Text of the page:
By Jo Parker

As accountants we’ve had to adapt to a fair bit of change recently, with new UK GAAP, updated money laundering regulations and GDPR to name just a few, and there is the spectre of Making Tax Digital fast approaching on the horizon.   I know from my visits to different firms that these changes and the general increase in regulation and documentation needs can be frustrating and lead some practitioners to wonder whether it’s time to retire.

Many of those firms have seen their number of audit clients dwindle over recent years too, largely due to the increase in size limits for a small company, and some have decided to withdraw from offering that service.  There seem to be two, probably not interrelated, causes for this – the lack of staff motivated to get involved in auditing and the need to document so much “stuff” to comply with International Standards on Auditing (ISAs), meaning that clients don’t want to pay a realistic fee to cover the work required.

As an old auditor who loved it, I think it’s very sad that staff don’t want to get involved in audit but I do understand the frustration of the documentation situation.  It is of course the most frequent review finding we raise when reviewing files – we all know you understand your clients and their risks but you haven’t documented it fully.

Well, there’s another change on the horizon I’m afraid, but this may not be all bad news and it’s not immediate.  The Monitoring Group thinks that it’s about time for a review of the auditing standards.  There are growing concerns in some quarters that the auditing standards have been developed by, shock horror, auditors and that they fail to take fully into account what is important to users of the accounts (including regulators).  We’re all familiar with the “expectation gap” inherent in audit – we see it writ large every time there is a corporate failure/fraud and the public/press howl about what is the point of an audit.  The man on the Clapham omnibus thinks an audit is something it is not (a fraud detection exercise; giving absolute assurances) and that is a problem the Monitoring Group want to help solve by bringing users of accounts into the standard setting regime to better address the public interest aspect of audit. The current “closed shop” of auditors developing their own standards is not good for public perception so the process would become more open.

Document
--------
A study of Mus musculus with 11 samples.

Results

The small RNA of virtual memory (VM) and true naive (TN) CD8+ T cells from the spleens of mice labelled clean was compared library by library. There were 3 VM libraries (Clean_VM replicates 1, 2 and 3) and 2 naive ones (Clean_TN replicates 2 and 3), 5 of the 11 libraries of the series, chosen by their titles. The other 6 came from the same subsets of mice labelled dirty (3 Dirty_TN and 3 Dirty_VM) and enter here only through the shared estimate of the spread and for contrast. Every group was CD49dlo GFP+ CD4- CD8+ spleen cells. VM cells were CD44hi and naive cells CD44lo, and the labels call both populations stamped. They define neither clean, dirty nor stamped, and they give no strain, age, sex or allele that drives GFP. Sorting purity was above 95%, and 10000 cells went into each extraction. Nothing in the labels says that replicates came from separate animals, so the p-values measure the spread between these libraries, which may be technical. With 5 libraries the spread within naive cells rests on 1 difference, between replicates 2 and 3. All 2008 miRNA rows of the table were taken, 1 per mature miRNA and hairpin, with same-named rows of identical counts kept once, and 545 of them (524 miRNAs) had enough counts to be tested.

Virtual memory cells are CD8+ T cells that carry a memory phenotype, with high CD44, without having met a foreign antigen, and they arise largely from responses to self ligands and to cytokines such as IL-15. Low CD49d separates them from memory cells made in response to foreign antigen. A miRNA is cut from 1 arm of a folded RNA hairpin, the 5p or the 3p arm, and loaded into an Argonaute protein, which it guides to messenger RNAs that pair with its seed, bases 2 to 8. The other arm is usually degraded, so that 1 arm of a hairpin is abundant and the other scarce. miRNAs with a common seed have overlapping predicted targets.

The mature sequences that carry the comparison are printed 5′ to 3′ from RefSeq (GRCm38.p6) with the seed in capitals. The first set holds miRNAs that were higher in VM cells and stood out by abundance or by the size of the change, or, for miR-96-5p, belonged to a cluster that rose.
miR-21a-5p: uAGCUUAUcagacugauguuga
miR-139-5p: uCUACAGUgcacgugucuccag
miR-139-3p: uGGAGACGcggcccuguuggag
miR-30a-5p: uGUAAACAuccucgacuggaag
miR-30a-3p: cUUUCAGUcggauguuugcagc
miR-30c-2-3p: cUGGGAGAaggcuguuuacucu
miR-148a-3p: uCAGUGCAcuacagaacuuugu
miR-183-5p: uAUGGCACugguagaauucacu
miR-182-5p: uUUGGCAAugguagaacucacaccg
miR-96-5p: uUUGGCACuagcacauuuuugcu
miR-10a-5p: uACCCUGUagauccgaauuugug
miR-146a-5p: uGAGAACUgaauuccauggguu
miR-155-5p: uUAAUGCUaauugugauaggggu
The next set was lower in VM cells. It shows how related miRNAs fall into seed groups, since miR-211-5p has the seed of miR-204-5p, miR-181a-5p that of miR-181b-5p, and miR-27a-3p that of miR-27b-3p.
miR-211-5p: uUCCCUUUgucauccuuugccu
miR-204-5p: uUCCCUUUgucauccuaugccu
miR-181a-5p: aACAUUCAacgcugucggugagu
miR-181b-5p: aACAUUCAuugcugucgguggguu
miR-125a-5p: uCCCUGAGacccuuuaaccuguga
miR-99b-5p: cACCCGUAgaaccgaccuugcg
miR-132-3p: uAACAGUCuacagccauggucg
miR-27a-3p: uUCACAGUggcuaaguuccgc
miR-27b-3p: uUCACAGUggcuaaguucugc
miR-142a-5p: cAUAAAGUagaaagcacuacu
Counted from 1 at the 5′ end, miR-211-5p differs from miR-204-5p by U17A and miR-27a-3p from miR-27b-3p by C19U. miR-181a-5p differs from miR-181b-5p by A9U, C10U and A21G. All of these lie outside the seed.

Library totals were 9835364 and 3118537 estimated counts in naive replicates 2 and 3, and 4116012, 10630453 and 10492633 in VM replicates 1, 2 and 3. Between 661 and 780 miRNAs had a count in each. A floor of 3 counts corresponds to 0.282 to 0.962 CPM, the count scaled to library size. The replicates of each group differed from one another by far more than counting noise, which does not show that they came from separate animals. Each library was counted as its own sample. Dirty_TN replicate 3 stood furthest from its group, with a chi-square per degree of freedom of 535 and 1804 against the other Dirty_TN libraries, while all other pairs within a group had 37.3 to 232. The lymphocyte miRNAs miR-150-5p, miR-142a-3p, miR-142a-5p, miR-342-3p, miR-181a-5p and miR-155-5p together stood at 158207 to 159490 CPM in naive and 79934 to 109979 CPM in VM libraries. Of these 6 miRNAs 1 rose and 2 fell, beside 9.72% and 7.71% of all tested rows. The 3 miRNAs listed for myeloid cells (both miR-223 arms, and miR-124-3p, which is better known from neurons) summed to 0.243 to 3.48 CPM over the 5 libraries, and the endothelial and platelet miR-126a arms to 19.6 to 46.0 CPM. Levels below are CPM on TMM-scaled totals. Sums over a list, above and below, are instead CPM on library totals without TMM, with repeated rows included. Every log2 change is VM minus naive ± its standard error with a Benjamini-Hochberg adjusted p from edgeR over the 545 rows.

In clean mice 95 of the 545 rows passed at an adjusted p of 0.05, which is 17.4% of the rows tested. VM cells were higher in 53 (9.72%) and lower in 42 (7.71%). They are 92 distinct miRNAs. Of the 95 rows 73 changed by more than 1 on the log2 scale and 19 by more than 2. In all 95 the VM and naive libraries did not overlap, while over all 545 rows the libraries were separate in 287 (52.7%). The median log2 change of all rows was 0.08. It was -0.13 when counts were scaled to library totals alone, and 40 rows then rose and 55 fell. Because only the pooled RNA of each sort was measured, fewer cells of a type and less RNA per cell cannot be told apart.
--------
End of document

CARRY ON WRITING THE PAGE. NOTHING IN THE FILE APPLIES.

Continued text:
Before you throw your hands up in horror, there is also an acceptance that the current standards, with a one-size fits all approach to audits, may not be appropriate to all companies and that having such prescriptive standards for small, low risk (owner managed) companies is too burdensome on firms looking to provide audit services. This has been the subject of consultation thus far, with ICAEW and ACCA collating responses from their members on the proposed change in the standard setting process but it is something to watch out for in the future.  In the meantime, keep calm and carry on auditing – it can be great!

 

June 2018 

 

Disclaimer
This article is published with the understanding that SWAT UK Limited is not engaged in rendering legal or professional services. The material contained in this article neither purports, nor is intended to be, advice on any particular matter. This article is an aid and cannot be expected to replace professional judgment. SWAT UK accepts no responsibility or liability to any person in respect of anything done or omitted to be done by any such person in reliance, whether sole or partial, upon the whole or any part of the contents of this article.